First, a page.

Jay-Marie and Friends are ‘Here, Queer & Staying’


Photo by Bryan Rubin, Photo editor

Conservatory senior Sarah Snider DJs as part of Lambda for Lambda, a fundraiser held at the ’Sco for Lambda Legal, a legal advocacy organization for LGBTQ people. The event was part of Queerfest, an annual series organized by the Multicultural Resource Center that celebrates Oberlin’s queer community.

Julia Peterson, Arts & Culture Editor

Jay-Marie and Friends, who performed Sunday night at the Cat in the Cream, delivered a show that celebrated Black and queer identities. Musicians Jay-Marie Hill, Britt Baker, Suyá Nascimento and surprise guest Wriply Bennett showcased powerful protest anthems with unambiguous, unapologetic lyrics like “Here, Queer & Staying” and “Keep it marchin, marchin, placin, Raging, gracing / As we stagin liberation.” The performance represents part of a long tradition of Black art and activism going hand in hand, from Aretha Franklin’s “Respect” and Marvin Gaye’s “What’s Going On” to a proliferation of works by contemporary artist-activists.

Hill, a “Black y Boricua genderQueer artist,” musician and activist described how the music they write and perform allows them to express numerous issues and moments that matter to them in a unique way.

“My music affirms that the things I care most about are all connected,” Hill wrote in an email to the Review. “Queerness, social justice, Blackness, liberation, gender, creating new worlds, acknowledging the daily pain of having your heart open to the world’s cruelty. Some might say these don’t all fit in the same box, but they fit in my music. And my ability to share that keeps me alive when all is lost.”

Hill’s music is both personal and political. All the songs they performed Sunday night were written with traumatic or life-altering incidents in mind.

“[I wrote] ‘#Bullet’ after the June 2015 Charleston Massacre, ‘Past Time’ after the 16th trans woman was killed in 2015 & in honor of Lamia Beard & trans woman [sic] killed earlier [in] the [y]ear, and ‘Get Ready’ after the election of Donald Trump,” Hill wrote in an email to the Review. “I find that these incidents had me at my most raw. These songs feel exactly like a summary of how I feel about the issues in my everyday life as an artist-activist.”

Sunday’s performance was part of Queerfest, a week-long series of events celebrating the LGBTQ community in Oberlin and beyond. Hill and their fellow artists also led a workshop on Monday afternoon that focused on joy, artistic creation and affirming marginalized identities. For Elliot Director, the LGBTQ Student Life coordinator at the Multicultural Resource Center, bringing Jay- Marie and Friends to campus was a critical opportunity to highlight a variety of queer narratives and experiences within the week.

“We wanted to be really intentional about cultivating multiple spaces of joy inside of Queerfest,” Director wrote in an email to the Review. “We also wanted to ensure that [queer and trans people of color] were celebrated as part of these proceedings.”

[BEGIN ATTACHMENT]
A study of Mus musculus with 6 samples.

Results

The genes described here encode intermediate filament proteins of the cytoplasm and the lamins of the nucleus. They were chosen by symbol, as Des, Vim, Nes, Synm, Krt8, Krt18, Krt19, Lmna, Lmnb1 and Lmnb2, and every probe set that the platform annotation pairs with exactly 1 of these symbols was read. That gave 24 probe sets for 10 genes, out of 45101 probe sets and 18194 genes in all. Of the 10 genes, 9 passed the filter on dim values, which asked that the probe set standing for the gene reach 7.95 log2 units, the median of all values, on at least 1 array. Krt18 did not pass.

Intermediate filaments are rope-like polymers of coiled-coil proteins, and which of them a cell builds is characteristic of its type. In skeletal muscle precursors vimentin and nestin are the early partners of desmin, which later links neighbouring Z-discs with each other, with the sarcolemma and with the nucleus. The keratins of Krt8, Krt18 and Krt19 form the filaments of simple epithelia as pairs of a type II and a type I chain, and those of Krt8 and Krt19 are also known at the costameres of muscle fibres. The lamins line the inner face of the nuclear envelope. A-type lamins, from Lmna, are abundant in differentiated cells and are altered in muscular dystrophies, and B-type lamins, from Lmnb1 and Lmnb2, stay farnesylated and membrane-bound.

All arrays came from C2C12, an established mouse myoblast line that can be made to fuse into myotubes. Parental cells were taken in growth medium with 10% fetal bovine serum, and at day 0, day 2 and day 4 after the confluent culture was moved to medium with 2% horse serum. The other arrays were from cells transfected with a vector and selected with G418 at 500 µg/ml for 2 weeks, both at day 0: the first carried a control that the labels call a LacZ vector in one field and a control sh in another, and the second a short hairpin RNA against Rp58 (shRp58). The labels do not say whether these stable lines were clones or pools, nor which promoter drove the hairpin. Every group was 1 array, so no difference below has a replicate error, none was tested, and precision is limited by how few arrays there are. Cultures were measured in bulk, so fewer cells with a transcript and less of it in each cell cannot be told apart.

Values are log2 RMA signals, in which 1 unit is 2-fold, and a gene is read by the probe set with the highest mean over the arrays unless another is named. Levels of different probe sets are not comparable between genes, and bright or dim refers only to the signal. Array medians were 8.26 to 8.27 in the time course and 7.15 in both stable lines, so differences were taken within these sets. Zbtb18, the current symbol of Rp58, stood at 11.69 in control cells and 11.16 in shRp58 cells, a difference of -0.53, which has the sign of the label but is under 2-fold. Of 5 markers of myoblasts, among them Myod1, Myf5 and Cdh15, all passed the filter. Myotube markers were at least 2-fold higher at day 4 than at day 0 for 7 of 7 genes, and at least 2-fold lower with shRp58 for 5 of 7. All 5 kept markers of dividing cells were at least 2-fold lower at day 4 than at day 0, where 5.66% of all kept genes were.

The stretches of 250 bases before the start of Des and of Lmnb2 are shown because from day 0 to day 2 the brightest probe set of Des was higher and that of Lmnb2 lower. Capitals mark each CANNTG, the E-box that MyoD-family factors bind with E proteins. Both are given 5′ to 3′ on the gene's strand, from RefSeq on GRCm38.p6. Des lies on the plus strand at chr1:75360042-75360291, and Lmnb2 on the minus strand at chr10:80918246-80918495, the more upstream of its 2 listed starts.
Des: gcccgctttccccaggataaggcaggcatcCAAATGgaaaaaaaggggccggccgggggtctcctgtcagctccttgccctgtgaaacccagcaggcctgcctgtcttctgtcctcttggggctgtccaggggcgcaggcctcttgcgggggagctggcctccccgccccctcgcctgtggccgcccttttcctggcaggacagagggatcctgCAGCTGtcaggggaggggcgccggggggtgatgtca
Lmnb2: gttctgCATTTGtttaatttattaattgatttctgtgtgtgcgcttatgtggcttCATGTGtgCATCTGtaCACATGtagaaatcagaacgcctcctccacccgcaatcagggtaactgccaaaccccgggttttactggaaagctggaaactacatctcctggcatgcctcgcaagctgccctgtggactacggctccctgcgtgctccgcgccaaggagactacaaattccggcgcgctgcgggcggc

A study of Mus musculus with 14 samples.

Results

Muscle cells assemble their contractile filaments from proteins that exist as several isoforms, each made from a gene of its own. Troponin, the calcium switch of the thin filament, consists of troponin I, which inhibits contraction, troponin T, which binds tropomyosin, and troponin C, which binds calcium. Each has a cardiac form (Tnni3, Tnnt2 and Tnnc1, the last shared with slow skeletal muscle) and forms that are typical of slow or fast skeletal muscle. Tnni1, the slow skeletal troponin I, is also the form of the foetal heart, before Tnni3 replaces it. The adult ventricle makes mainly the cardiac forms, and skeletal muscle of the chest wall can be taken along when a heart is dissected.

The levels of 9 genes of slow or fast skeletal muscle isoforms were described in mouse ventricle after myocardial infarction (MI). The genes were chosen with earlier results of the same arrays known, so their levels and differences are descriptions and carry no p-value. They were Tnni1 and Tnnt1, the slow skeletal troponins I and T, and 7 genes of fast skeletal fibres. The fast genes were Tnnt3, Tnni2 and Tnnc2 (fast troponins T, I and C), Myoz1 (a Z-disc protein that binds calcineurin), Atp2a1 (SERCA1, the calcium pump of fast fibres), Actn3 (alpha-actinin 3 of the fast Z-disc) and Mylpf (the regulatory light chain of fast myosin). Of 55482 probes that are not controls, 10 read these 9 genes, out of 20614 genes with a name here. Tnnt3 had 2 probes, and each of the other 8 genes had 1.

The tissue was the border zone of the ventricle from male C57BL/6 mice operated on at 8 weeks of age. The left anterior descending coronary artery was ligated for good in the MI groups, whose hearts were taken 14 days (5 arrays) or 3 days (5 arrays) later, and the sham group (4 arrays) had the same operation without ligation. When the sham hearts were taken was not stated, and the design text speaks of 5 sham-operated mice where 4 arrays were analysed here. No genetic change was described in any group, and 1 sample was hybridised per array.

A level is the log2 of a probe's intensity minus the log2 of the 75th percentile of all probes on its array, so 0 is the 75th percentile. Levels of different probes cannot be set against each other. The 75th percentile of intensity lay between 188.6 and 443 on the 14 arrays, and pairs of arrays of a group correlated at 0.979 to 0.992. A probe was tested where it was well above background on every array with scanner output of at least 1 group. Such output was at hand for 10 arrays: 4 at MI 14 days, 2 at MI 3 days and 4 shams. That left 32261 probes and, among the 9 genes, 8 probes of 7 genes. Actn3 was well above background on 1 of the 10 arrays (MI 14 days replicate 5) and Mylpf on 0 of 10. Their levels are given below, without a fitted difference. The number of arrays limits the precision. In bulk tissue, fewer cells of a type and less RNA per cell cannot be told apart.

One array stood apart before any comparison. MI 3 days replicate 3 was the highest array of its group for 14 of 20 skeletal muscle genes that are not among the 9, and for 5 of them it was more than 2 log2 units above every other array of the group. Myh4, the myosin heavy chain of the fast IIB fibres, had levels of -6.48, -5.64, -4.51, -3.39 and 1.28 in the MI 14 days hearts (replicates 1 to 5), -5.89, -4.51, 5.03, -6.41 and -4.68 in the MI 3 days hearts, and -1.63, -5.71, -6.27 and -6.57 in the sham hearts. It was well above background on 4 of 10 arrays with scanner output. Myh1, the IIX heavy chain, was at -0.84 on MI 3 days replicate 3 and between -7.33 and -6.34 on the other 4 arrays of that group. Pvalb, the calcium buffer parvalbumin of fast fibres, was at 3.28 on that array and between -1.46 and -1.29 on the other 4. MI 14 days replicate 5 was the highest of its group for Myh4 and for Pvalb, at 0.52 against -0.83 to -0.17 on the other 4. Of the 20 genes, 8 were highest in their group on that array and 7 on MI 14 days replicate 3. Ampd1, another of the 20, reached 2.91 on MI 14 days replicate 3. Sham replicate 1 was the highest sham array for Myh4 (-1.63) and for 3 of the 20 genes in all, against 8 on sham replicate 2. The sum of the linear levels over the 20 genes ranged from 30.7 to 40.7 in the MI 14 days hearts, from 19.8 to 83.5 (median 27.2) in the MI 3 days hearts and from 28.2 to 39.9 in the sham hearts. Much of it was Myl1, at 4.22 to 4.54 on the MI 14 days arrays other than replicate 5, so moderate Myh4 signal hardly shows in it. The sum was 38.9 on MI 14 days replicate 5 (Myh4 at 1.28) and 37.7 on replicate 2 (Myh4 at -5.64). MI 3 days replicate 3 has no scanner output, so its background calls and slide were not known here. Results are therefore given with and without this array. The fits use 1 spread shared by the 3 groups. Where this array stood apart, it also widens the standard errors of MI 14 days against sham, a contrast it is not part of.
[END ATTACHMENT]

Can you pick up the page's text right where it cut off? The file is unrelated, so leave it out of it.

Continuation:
Kristen Reynolds, MRC Africana Student Life coordinator, also reflected on the importance of celebrating queer identity through art and music.

“Art, I think, offers creators the opportunity to expand the boundaries of what we think is possible while also tapping into how we feel about the world as it currently exists,” Reynolds wrote. “[The performers] all made affirmations about their queer identities while also making space for us to grieve and say the names of Black women who have been lost to anti-trans violence and police brutality. When we celebrate identity through art, we create space for vulnerability.”

For Hill, their music poses a challenge to a world that systematically marginalizes Black and queer people.

“Black people are masters of failure, of deviance,” Hill wrote. “We have ‘failed’ the litmus test of what it means to be humyn [sic] time and time again. Queer people have historically also been marked as deviant. So for me to be doubly marked as Black [and] queer … is to be a master of failure at what the world calls valuable and useful under white cis hetero patriarchal capitalism.”

Their lyrics are a clear expression of this intention: “You’ve pushed us out and kept us down / You can’t get away with this much / longer.”

“All art created out of [marginalized] identities will improve the world, since people must be their most humyn selves in the creation process,” Hill added. “Failing, getting up, healing and trying again are what set us apart as humyn. Music is an embodiment of this life cycle in real time. To me, queerness and music … walk in step with each other to create new worlds that actually work for everyone.”

The show attracted interest from a wide variety of groups and organizations on campus, many of which — including the MRC, the Oberlin College Black Musicians Guild, Lambda Union and the Gender, Sexuality and Feminist Studies department — officially sponsored it. However, this did not translate to high turnout, with most seats in the Cat in the Cream going unfilled.

“It was a powerful experience for all those that attended, and I wish it could have been shared with more people,” Reynolds said. “I appreciate that every person on stage was given an opportunity to share their personal music, but I also really enjoyed how well they worked together.”

For Hill, this intimacy was a contributing factor to the event’s positive environment rather than a disappointment.

“The performance at the Cat [in the Cream] felt like home,” they wrote. “Like I was in my living room sharing the most authentic and free parts of myself. And being joined by Black, queer comrades whom I love and make a point to see the full humynity of precisely because we live in a world that doesn’t value deviant Black and brown bodies felt safe and purposeful.”